June 5, 2014
Some charting errors have been identified in the Houston Metroplex project, which was implemented on May 29.
The Houson Metroplex project is the first of several that will utilize performance-based navigation (PBN) procedures as a step toward fully implementing NextGen. Implementation of the new procedures will be monitored at the FAA Air Traffic Control System Center (ATCSCC), Houston Center (ZHU), Fort Worth Center (ZFW) and Houston TRACON.
Full utilization of these PBN procedures is expected to maximize benefits, including fuel efficiency, time efficiency and reduce carbon emissions. Review a previous NBAA article on the Houston Metroplex Project.
Many of the new ILS and RNAV approaches have transitions connecting them to the arrivals. The approach transitions were designed to create a seamless path from the end of the arrival onto the specific ILS or RNAV approach. The STARs in use will depend on airport landing direction. Houston TRACON (I90) and adjacent centers will work together for arrival traffic planning. This may result in the need for enroute speed changes to enable the entire arrival to be flown with reduced interruptions.
Many of the new STARs contain runway transitions, and operators should expect I90 to assign the runway. While the vertical profile prior to runway transition point will remain the same, the profile and bottom altitudes may change after that point. Some STARs may have more than two runway transition options. An excerpt from the MSCOT arrival is shown here; note how the routing text below clarifies the correct runway transition point:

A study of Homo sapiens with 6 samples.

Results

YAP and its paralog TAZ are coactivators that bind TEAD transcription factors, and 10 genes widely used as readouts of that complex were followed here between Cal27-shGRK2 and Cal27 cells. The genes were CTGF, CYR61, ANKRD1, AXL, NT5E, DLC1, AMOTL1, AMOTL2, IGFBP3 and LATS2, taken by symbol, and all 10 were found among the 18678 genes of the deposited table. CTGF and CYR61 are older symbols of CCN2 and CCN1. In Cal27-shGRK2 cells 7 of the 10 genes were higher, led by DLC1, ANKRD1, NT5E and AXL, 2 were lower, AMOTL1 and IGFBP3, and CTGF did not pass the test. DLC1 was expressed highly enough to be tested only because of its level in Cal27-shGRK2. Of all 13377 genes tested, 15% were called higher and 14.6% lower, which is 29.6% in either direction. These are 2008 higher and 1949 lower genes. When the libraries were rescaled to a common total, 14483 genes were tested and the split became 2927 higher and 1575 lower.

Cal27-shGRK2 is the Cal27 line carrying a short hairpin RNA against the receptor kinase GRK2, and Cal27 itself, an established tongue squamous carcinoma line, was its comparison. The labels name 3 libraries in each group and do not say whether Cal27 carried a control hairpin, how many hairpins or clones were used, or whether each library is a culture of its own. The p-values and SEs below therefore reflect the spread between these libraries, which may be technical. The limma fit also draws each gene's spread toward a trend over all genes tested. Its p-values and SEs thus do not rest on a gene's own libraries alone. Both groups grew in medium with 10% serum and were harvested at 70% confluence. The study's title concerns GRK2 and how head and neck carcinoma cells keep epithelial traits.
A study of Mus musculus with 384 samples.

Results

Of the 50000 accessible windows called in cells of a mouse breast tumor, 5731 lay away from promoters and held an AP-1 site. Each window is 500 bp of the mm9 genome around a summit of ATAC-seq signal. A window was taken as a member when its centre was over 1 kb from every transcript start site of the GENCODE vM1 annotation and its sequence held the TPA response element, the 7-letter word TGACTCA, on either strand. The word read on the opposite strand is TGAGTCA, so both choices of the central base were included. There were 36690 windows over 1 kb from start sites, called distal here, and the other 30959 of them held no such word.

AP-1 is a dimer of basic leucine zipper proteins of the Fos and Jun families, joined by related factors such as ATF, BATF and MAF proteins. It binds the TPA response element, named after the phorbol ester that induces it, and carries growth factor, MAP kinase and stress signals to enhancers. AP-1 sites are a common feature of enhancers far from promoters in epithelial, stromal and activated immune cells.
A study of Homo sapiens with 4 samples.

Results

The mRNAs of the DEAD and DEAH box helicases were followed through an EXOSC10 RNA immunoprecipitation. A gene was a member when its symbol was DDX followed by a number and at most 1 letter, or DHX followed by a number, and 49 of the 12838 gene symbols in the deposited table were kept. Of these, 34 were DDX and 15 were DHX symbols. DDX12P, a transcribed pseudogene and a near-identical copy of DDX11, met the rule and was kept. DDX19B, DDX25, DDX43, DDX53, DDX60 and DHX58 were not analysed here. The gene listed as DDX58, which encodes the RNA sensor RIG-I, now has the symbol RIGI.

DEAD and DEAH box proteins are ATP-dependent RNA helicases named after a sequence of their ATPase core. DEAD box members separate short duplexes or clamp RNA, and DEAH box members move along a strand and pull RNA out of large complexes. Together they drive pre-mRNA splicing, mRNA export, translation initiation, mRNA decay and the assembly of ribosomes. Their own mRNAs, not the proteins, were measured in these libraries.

Note: The bottom altitudes are different on the downwinds for 26L vs. 26R. If Tracon changes the assigned runway, reconfirm the altitude set in the MCP/FCU matches the new crossing altitude at VLDEZ or DOOOM.
Many of the ILS and RNAV approaches will have transitions connecting to the arrivals. The approach transitions allow a seamless path from the end of the arrival onto the ILS/RNAV approach.
However, there was an error found however in the initial charts and navigation database for some of these transitions. Crews should ensure that if they load an approach transition, the altitude and speed restriction on the waypoint at the end of the STAR should match the altitude and speed on the waypoint on the LEGS page of the FMC (see example below). This error will be fixed for the next cycle 1407 due out on June 26.